Three of eight people who contracted bacterial meningitis this year have died, and all three had sex with other men, Los Angeles County health officials said.
Thursday's confirmation came a day after the Department of Public Health urged gay men who had HIV or multiple partners to be vaccinated against invasive meningococcal disease.
However, the department said the three men who died didn't have any direct contact with each other. The disease still is considered rare and sporadic and the department is shying away from declaring any outbreak in the gay community, authorities said.
Four of the eight people who came down with the illness had sex with other men and three were HIV positive. The three who died in February and March were 27 or 28 years old and two were HIV positive, according to the department.
Of the other five people who fell ill, four are out of the hospital and one is hospitalized but recovering.
The agency was "insensitive" for failing to announce the deaths earlier, Michael Weinstein, executive director for the AIDS Healthcare Foundation, told the Los Angeles Daily News.
"We're the largest HIV/AIDS medical care provider in the nation, and they didn't tell us," said Weinstein, a critic who has called the health department a "bloated bureaucracy."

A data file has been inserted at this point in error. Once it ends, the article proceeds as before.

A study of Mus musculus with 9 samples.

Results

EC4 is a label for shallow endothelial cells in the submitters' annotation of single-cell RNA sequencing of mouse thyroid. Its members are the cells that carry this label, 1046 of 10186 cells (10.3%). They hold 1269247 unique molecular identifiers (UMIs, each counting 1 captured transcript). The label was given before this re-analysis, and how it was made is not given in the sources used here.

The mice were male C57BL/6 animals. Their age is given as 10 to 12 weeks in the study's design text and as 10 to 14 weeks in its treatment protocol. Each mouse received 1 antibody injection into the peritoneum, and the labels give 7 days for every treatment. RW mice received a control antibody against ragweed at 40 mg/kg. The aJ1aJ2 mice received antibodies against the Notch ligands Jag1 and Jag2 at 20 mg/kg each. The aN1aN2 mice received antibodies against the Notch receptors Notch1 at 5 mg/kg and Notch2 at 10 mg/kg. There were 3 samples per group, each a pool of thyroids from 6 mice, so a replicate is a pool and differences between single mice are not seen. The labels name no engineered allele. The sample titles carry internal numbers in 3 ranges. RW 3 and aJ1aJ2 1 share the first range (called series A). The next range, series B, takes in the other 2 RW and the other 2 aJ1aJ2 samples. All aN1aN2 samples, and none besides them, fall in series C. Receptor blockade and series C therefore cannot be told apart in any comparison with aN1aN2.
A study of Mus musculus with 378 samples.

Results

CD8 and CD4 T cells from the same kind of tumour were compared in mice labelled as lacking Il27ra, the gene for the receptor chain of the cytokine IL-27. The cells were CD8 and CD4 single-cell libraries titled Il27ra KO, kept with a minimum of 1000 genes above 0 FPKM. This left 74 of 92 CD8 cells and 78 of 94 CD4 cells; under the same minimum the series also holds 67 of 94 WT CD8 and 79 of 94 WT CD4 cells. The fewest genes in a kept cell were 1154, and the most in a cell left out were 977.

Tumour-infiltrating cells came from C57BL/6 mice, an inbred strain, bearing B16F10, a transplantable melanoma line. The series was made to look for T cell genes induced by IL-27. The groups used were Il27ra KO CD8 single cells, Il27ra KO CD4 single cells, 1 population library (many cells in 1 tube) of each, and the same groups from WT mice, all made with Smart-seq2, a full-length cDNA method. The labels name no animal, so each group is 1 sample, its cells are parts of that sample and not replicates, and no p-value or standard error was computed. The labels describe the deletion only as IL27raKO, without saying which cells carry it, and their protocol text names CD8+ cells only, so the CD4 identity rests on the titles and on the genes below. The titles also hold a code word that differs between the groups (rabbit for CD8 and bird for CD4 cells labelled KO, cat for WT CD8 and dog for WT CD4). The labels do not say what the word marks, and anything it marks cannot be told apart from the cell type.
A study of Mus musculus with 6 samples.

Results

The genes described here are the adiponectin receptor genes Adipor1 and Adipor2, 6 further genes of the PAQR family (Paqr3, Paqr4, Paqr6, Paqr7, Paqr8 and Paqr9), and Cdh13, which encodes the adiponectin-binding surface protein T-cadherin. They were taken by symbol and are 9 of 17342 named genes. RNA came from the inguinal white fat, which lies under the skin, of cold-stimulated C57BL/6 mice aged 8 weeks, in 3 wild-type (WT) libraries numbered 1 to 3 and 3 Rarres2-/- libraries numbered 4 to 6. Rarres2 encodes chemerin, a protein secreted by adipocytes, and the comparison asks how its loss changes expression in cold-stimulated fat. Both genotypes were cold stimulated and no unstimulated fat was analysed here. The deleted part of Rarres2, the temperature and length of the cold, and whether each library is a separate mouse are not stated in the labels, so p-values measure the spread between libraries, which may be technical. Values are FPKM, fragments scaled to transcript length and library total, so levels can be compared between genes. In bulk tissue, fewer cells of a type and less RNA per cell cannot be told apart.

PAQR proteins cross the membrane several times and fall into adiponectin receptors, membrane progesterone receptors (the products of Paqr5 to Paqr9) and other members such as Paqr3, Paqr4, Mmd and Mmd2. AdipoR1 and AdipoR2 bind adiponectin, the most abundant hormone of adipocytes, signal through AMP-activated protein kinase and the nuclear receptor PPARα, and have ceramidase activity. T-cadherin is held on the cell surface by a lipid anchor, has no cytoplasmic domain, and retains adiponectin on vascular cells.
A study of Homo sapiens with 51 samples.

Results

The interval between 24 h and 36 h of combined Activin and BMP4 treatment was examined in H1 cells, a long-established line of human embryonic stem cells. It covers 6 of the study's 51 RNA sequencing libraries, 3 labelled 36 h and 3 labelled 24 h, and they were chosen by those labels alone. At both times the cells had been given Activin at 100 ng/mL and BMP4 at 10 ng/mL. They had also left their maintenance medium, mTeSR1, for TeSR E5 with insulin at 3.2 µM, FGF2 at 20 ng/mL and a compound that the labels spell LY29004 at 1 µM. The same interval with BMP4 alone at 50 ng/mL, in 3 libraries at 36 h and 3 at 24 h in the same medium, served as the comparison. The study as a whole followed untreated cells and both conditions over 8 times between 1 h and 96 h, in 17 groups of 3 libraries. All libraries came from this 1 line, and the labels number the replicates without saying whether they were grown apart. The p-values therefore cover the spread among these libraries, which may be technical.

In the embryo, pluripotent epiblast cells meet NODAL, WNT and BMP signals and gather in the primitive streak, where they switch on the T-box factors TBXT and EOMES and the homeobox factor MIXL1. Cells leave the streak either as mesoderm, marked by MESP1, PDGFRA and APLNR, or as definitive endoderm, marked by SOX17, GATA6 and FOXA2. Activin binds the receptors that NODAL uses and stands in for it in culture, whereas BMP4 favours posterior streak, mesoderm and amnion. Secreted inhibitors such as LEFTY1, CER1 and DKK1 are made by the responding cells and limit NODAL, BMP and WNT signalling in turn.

About a third of the 32 bacterial meningitis cases reported in the county since October 2012 involved men who had sex with men, the Daily News reported.
That population is most at risk right now, said Dr. Robert Bolan, medical director for the Los Angeles Gay and Lesbian Center.
However, the county health department is "paying attention" and acting "in a timely manner" by urging vaccinations for members of the gay community, he told the newspaper.
Bacterial meningitis infected 22 gay men, killing seven, in New York City between 2010 and last year. However, Los Angeles County health officials have said the local cases aren't related.
Invasive meningococcal disease is relatively uncommon and is less contagious than the flu.
However, it can be spread through close contact with saliva or mucus - such as sneezing, coughing, kissing or sharing drinks or cigarettes.
The disease can be treated with antibiotics if caught early but if the infection spreads it can lead to brain damage, hearing loss or death.
The health department is offering free vaccinations are being offered to those without health insurance.